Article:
The five issues that are at stake include the controversial Anti-Covid Law, which would give the government a legal basis to impose restrictions aimed at tackling the pandemic on an ongoing basis.
The CO2 Act seeks to introduce several taxes and measures to halve greenhouse gas emissions by 2030.
The Anti-Terrorism legislation would strengthen previous standards against terrorism and organised crime, punishing recruitment, training and travel with an intent to commit a terrorist act.
The Clean Drinking Water Initiative “requires that agricultural subsidies be allocated only to agricultural practices that do not harm the environment and do not pollute drinking water”.
They refer specifically to pesticides, antibiotics, and imports of fodder and fertilisers used in farming.
The initiative “For a Switzerland free of synthetic pesticides” calls for the ban on these products in agriculture, in the public sphere, and would also apply to imports of products from abroad.
What’s at stake in Switzerland’s pesticide referendum?
The idyllic image of peaceful Swiss Alpine pastures is being shattered by upcoming votes on pesticides which have sharply divided opinion in rural Switzerland.
The Swiss will vote on June 13 on a proposal which, if it passes, would make Switzerland the first country in the world to ban synthetic pesticides.
Proponents seek to ban pesticides with non-naturally occurring chemicals — and not only for agriculture but also for public green spaces, private gardens, and even for killing the weeds on railway tracks.
The initiative, entitled “For a Switzerland free from synthetic pesticides”, would also ban the import of foodstuffs produced with synthetic pesticides, so as not to put Swiss farmers at a disadvantage.
A campaign marked by heated debates boiled over in the western Vaud region when arsonists torched a trailer in a field displaying banners calling for a “No” vote, infuriating farmers.
Meanwhile farmers in the “Yes” campaign say they have been the victims of insults, threats and intimidation.
Slurry on the ballot
Under Switzerland’s direct democracy system, referendums and popular votes occur every few months at national, regional and local levels.
Any topic can be put to a national vote as long as it gathers 100,000 signatures in the wealthy nation of 8.6 million people.
Launched by a committee headed up by a winegrower and a soil biology professor from Neuchatel University, the pesticides initiative gathered 121,307 signatures.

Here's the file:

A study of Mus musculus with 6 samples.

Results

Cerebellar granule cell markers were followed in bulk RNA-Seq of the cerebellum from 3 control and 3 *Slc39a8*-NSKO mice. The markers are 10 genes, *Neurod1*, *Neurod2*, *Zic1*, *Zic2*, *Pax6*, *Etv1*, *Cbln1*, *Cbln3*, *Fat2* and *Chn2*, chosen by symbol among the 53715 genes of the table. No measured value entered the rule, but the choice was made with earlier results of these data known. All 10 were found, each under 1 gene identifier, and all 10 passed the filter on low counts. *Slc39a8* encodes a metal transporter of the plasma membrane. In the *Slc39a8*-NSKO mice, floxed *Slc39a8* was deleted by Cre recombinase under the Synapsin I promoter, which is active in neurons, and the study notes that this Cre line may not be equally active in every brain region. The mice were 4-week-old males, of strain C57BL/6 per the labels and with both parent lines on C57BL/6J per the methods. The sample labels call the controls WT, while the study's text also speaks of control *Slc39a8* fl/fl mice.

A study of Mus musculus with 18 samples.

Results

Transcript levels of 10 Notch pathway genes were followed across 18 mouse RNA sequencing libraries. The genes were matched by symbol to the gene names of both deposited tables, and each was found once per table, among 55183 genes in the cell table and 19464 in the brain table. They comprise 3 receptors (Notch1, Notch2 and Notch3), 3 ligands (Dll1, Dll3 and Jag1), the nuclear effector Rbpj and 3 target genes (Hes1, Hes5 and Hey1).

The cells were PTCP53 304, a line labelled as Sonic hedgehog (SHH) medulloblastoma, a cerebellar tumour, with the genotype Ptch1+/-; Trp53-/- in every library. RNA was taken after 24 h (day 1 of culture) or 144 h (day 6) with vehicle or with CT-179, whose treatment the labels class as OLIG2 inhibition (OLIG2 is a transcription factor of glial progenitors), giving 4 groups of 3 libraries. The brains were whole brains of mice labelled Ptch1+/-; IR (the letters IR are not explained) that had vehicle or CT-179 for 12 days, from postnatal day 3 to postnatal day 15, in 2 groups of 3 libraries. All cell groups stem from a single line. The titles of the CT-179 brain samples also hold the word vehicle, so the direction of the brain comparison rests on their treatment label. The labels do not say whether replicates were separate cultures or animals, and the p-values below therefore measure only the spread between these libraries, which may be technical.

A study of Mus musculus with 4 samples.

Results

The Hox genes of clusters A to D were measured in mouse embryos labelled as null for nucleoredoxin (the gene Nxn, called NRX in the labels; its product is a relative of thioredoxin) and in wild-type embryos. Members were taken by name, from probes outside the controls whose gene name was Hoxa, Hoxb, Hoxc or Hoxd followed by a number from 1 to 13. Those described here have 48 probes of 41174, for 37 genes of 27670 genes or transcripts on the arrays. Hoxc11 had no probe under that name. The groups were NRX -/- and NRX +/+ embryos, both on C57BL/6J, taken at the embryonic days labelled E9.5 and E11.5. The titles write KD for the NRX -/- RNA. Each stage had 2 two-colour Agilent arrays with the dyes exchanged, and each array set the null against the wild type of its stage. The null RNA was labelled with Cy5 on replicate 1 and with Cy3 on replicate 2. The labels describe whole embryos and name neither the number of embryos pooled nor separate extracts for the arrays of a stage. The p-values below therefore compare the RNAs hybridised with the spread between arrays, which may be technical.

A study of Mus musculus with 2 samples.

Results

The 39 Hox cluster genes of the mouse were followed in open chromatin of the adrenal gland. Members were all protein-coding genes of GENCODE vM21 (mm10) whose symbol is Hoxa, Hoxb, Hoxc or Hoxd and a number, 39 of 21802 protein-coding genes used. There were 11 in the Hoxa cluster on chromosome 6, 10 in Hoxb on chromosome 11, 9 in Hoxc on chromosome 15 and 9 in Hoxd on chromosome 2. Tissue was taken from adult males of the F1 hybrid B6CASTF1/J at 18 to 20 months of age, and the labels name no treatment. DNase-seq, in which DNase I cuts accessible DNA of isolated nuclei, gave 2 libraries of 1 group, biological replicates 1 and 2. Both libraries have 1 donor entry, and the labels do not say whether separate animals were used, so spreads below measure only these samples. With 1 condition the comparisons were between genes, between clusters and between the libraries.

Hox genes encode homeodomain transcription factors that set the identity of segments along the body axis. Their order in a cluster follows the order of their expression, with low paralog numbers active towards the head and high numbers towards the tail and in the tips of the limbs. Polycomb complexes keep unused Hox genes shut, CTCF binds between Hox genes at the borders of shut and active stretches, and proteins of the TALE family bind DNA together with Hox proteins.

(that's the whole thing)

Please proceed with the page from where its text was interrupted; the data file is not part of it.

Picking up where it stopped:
A parallel vote on a second initiative is also being held, on an initiative entitled “For clean drinking water and healthy food”.
Under the proposal, government subsidies to farms would be limited only to those that do not use pesticides, and to those that do not use antibiotics as a preventative measure, but only to treat sick animals.
To limit the amount of slurry being used on fields — and thereby potentially entering the water system — it would also limit subsidies to only farms that can feed animals with the fodder they produce themselves.
Supporters of the initiative, which garnered 113,979 signatures, say taxpayers’ money must not be used to subsidise damage to public health and the environment.
Agriculture groups split
Large agricultural organisations, including the Swiss Farmers’ Union and the Association of Swiss Vegetable Producers, have called for a double “No” vote, deeming the measures too extreme.
“We feed you, we get punished,” runs their slogan.
Beekeepers want a double “Yes” vote, while the Bio Suisse group of organic producers and gardeners — in a country where organic farming accounts for 15 percent of all farms — wants a “Yes” vote on pesticides and a “No” vote on the second initiative.
It says that despite the second initiative’s good intentions, the fodder limits would make the work of organic farmers all the harder, without resolving the issue of intensive farming — as large farms could simply renounce subsidies and keep big herds.
The Swiss government recommends a double “No” vote, warning of the risks to food supply that could see prices soar, to the detriment of lower-income households in a country where the cost of living is already high.
‘Agriculture must change’
“Agriculture must change, we agree on that,” Francis Egger, deputy director of the Swiss Farmers’ Union, told AFP.
“There are two times 100,000 people who have signed, so there is a clear message from consumers,” he admitted, adding up the two separate petitions.
But these initiatives go “too far”, he said, and risk heavily penalising Swiss farmers who have already made significant efforts to reduce pesticide use.
Antoinette Gilson, a biologist by training and a member of the committee behind the pesticides initiative, insisted: “Our initiative is not directed against farmers.”
It aims to ban synthetic pesticides, which are “the most dangerous”, and to which farmers themselves are highly exposed, she said, but not organic pesticides or alternatives that do not contain “toxic chemicals”.
Some 107 active ingredients used for bio-pesticides, including sulphur and copper, would still be authorised, as opposed to 383 today.
The two initiatives started the campaign with clear leads in the polls, but have seen their support levels drop.
A poll published on June 2 by the Tamedia press group said the pesticides initiative had 42 percent support, while the drinking water initiative was running at 41 percent backing.
Rural voters favour rejecting the proposals while urban voters are overwhelmingly in support of them, the survey showed.